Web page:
A robot brought in to pick up the material and deposit it in a safe container hasn't been able to reach the cobalt because bales of corn stalks have blocked the way and workers are still clearing a path, said Juan Eibenschutz, director general of the National Commission of Nuclear Safety and Safeguards.
"The terrain it's uneven and we have run tests to make sure we can reach the material," Eibenschutz said when explaining why it is taking so long to recover the material.
A farmer is being checked at a hospital after showing signs of radiation exposure, Eibenschutz said.
The man, who lives in the nearby farming town of Hueypoxtla, told authorities that he handled the material after finding it in the field and started feeling sick soon after, Eibenschutz said.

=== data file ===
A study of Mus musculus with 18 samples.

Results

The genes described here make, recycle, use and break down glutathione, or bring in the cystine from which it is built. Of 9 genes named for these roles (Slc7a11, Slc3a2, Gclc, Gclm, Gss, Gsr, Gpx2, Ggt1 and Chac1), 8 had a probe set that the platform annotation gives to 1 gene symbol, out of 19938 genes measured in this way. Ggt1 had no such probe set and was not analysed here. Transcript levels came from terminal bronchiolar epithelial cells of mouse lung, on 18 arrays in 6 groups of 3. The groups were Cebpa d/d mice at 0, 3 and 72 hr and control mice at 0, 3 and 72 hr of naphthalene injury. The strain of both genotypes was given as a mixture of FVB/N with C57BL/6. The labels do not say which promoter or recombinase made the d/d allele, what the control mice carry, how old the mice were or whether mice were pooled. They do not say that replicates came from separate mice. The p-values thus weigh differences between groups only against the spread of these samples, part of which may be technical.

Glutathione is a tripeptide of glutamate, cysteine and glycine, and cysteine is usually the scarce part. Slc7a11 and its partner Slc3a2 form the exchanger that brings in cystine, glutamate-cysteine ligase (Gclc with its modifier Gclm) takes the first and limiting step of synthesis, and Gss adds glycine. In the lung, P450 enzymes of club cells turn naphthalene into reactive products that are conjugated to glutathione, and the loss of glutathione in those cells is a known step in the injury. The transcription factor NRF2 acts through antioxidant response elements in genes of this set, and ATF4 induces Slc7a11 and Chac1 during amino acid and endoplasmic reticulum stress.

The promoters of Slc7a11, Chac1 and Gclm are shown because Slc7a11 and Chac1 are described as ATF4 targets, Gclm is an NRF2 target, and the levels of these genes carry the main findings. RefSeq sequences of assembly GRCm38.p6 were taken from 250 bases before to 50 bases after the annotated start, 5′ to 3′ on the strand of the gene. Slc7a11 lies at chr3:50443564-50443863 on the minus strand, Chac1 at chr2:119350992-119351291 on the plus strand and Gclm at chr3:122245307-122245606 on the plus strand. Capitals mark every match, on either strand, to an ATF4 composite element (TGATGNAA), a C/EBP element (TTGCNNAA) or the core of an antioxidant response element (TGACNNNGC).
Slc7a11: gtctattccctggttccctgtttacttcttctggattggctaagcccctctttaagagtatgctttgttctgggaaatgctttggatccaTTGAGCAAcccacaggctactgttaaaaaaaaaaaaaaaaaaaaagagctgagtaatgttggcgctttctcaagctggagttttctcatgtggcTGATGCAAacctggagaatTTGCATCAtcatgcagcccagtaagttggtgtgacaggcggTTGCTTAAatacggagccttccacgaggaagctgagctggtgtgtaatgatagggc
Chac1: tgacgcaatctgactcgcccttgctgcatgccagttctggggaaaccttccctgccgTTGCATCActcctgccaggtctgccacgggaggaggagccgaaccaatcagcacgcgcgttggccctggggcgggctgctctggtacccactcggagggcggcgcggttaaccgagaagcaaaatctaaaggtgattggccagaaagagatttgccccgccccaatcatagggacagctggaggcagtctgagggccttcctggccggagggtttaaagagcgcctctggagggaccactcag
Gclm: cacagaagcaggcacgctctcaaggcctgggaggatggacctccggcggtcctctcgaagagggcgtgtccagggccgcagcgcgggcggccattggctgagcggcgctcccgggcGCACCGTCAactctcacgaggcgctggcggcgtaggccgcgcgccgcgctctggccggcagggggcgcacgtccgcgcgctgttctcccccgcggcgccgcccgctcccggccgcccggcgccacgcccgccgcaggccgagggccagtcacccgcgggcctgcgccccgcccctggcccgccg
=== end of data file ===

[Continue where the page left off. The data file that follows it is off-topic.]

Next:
The cobalt-60 was being transported by a truck that was stolen early Dec. 2 from a gas station in Hidalgo state. The thieves dumped the material in the field about a kilometer (a half a mile) from Hueypoxtla, a town of about 4,000 people in neighboring Mexico state. Officials have said the cobalt poses no threat to the town, and is dangerous only in close proximity.
The truck was taking the cobalt to a nuclear waste facility in the state of Mexico, which is adjacent to Mexico City. The material had been removed from obsolete medical equipment used in radiation therapy.
Eibenshutz's comments came a day after a federal judge ordered five people held for 40 days under a form of house arrest pending possible charges.
Four of the detainees are suspected in the theft of the truck and the fifth was allegedly a possible buyer of the stolen vehicle, said an official with the Attorney General's Office, who spoke on condition of anonymity because he was not authorized to speak to the media.
The five detainees and a 16-year-old who was questioned and released were tested for possible radiation exposure and turned over to federal authorities after being released from a hospital.
The farmer exposed to radiation is not a suspect in the case, authorities said.